FARGO - A year ago, there were no clinics in North Dakota offering methadone treatment for people trying to kick addictions to opioids, such as heroin and fentanyl. Now there are three, and patient numbers continue to grow.Community Medical Servi...


FARGO - A year ago, there were no clinics in North Dakota offering methadone treatment for people trying to kick addictions to opioids, such as heroin and fentanyl. Now there are three, and patient numbers continue to grow.

Community Medical Services (CMS) opened the state's first methadone clinic in Minot in August, and a second location in Fargo in April. The Heartview Foundation in Bismarck began offering methadone treatment in March.

Mark Schaefer, the regional manager of CMS, said the number of clients at the Fargo clinic has grown faster than he expected. The clinic currently serves about 60 patients, a number that took about two months to reach, Schaefer said.

At the Minot location, it took six to seven months to attain that same number. "Even with the difference in size (of towns), that's still faster than you'd expect to see," he said.

There are now 75 patients being treated in Minot, Schaefer said. At the Heartview Foundation, 30 people are undergoing methadone treatment, said Executive Director Kurt Snyder.


All three clinics run similarly, with morning hours that allow patients to come in before work for their daily doses of methadone. Because methadone can be sold on the street and used illegally, nurses watch patients take the drug, which can alleviate withdrawal symptoms and help combat cravings.

After three to five days of using methadone, clients with withdrawal symptoms experience reduced cravings, better sleep and less sickness, Schaefer said. For someone who was using heavily up until treatment, it takes several weeks for the dose to be considered therapeutic.

Schaefer said it typically takes one to two years of methadone treatment for someone to completely recover from an opioid addiction. However, there's a small set of people who take five years or longer.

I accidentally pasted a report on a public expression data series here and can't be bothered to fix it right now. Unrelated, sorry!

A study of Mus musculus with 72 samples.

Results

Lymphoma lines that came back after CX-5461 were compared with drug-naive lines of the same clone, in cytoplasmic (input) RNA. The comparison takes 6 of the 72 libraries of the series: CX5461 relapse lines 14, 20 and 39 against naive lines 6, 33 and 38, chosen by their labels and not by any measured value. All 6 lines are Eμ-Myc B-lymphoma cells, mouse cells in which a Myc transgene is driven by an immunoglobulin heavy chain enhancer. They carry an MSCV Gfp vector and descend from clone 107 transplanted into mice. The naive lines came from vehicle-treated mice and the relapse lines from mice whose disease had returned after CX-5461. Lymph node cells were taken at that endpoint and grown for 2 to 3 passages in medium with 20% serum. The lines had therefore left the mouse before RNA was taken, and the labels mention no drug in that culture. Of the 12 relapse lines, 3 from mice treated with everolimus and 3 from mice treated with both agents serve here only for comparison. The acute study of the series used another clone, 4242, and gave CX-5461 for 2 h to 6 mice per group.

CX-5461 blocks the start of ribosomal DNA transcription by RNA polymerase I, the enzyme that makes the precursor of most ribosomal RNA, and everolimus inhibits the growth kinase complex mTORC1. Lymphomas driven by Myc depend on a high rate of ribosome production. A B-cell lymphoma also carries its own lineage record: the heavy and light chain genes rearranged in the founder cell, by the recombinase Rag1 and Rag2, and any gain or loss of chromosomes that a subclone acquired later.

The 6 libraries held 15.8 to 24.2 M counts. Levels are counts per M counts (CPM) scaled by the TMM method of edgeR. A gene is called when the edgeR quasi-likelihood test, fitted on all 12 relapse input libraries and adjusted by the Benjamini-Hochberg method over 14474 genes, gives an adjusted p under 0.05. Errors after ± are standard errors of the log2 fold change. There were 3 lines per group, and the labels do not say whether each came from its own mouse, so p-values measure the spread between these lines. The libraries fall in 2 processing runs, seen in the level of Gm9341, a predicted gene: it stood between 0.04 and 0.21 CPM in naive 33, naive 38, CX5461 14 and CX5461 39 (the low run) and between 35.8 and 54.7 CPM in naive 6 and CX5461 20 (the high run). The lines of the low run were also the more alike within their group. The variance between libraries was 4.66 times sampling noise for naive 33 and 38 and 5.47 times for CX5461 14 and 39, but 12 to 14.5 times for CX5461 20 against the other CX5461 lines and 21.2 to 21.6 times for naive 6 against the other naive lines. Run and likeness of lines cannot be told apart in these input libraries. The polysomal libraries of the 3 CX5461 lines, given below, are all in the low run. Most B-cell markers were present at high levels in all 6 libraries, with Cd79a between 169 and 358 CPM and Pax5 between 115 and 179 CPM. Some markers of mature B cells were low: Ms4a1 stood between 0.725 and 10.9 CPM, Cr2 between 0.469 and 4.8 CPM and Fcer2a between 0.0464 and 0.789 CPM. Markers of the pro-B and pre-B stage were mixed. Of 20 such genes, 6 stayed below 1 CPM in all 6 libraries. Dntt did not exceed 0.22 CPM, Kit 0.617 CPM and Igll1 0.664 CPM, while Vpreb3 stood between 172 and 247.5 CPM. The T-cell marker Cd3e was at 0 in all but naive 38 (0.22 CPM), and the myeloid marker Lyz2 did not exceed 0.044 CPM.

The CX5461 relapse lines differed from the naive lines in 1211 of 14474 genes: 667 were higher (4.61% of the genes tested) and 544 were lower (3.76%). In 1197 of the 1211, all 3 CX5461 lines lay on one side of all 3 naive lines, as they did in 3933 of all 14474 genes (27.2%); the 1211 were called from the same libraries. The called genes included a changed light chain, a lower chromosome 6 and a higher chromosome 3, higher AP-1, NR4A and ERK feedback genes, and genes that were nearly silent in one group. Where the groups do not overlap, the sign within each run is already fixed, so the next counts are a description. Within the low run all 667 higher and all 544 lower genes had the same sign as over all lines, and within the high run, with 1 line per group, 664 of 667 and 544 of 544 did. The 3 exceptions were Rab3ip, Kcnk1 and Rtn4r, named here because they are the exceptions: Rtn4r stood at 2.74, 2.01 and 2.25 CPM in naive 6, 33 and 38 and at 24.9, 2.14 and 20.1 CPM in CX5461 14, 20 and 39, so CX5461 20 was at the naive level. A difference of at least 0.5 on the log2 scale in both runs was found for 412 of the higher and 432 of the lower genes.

Regardless of the time span, Schaefer and Snyder agree that medication-assisted treatment is the best route for opioid users. When methadone is taken, patients are able to function well enough to look for jobs, attend counseling and focus on family, Schaefer said.

"They no longer deal with withdrawal and cravings, and can return to very productive lives," Snyder said.

Snyder noted that the medication is combined with addiction counseling. At the Heartview Foundation, the cost of methadone treatment is $65 per week, but does not include counseling services, Snyder said.

At CMS, patients must attend counseling at least once a month, although most start off going weekly, Schaefer said. Counseling, physician and nurse services, along with the methadone, costs $85 per week at CMS.

In North Dakota, methadone treatment is only available at the three clinics, which accept state substance use disorder vouchers. Other clinics can prescribe similar medications used to treat opioid addiction, such as buprenorphine, but not methadone.


Pamela Sagness, director of North Dakota's Behavioral Health Division, said the process of opening a methadone clinic involves significant oversight from the Drug Enforcement Administration and the state. Right now, there are no applications under review for additional methadone clinics in North Dakota, she said.

As for the existing centers, it appears they haven't had any problems in the communities where they're located. Fargo Deputy Police Chief Joe Anderson said there have been no calls to the Fargo clinic's address since April, and that call was not related to the clinic.